With an interviewee-driven case, you don’t go with the flow. You drive the flow. You make the flow go with you. It starts with verifying the objective and asking if there are any other objectives you should be concerned with. It continues with the clarifying questions and extends well into the structure and the hypothesis. One of the biggest mistakes I see students make is that they try to jam a prefabricated structure into every case. Most structures will need to be handcrafted for each case. Take the time to look at the big picture, to think like an entrepreneur. Develop field presence, and create the flow.
I used to give this case.
Our client is an online toy store. They have one warehouse outside of Boston. They’ve hired us to determine whether they should shut down their warehouse and have a third party distribute their toys. What should they do?
Over the years, I must have given that case a 100 times. Only one person said to me, after hearing the problem, “We’re talking about a toy store. They do what, seventy-five percent of their business in the last three months of the year? That means that that warehouse is probably sitting three quarters empty for nine months of out of the year. They either need to bring seasonal balance to their warehouse or shut it down.”
WOW! That was exactly what I was looking for – he didn’t have any inside information, we all know that retailers do the majority of their business during the last three months of the year. He was the only one to take a step back and look at the big picture. It takes a lot of confidence to do that and it separated him from the 100 other students I gave that case to. He scored big points right off the bat. That’s also called driving the flow.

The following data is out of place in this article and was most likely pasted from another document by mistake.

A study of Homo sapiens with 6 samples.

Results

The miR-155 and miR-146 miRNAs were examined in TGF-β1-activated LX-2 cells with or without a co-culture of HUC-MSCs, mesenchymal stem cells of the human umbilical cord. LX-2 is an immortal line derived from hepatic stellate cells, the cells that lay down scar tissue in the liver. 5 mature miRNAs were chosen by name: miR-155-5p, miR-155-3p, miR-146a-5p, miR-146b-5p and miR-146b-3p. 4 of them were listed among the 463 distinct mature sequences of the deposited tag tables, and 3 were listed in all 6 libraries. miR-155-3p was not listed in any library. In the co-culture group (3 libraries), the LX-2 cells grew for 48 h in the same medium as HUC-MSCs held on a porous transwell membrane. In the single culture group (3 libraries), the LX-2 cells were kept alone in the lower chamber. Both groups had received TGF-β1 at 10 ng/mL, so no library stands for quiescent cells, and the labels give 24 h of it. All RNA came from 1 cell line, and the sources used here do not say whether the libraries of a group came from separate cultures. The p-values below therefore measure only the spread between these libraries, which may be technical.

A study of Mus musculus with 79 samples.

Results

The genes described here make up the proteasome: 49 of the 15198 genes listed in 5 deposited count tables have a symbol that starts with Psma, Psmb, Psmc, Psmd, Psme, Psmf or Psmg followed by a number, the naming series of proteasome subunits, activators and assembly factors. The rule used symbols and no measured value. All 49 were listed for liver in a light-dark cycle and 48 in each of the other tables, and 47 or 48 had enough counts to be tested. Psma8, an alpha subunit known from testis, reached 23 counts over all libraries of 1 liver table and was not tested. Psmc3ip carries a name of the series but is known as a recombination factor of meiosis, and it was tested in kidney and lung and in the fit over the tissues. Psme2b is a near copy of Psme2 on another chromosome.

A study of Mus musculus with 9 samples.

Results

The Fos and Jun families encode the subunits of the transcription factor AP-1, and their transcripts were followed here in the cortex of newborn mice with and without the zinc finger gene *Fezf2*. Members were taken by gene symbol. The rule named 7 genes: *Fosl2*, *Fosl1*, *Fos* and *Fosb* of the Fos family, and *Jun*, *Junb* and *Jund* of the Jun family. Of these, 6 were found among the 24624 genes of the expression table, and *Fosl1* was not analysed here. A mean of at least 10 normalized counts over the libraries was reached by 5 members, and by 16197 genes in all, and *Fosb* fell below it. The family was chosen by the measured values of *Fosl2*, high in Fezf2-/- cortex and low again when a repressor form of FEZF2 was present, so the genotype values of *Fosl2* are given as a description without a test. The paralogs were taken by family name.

It doesn’t stop there. You need to drive the case all the way home. Driving the flow is made up of a number of little things as you go through the case. Quantifying related numbers as percentages. Asking for trends. Asking for data, interpreting that data. And coming up with a unique solution to the problem.
You’re in charge. They want to see how you think, how you communicate your thoughts, and how you deliver your recommendation. There’s a rumor that the recommendation isn’t that important, because the interviewer has already made up his mind by that time. If that’s true, shame on the interviewer. A grand recommendation can turn things around, or move them in your favor if the interviewer is on the fence about your candidacy. A pedestrian recommendation can only hurt you. You have put too much time and effort into this whole interviewing process to drop the ball on the goal line.
About the Author
Marc, the world’s foremost authority on case interviewing has twenty seven years of experience with case questions. He has written well over a hundred cases, while coaching, preparing and training more than a hundred and fifty thousand students and alumni. He has written three books involving cases and consulting. Cosentino has given workshops to students at colleges and MBA programs for the last twenty seven years and has held training sessions for career services professionals on how to give cases and how to analyze a student’s performance.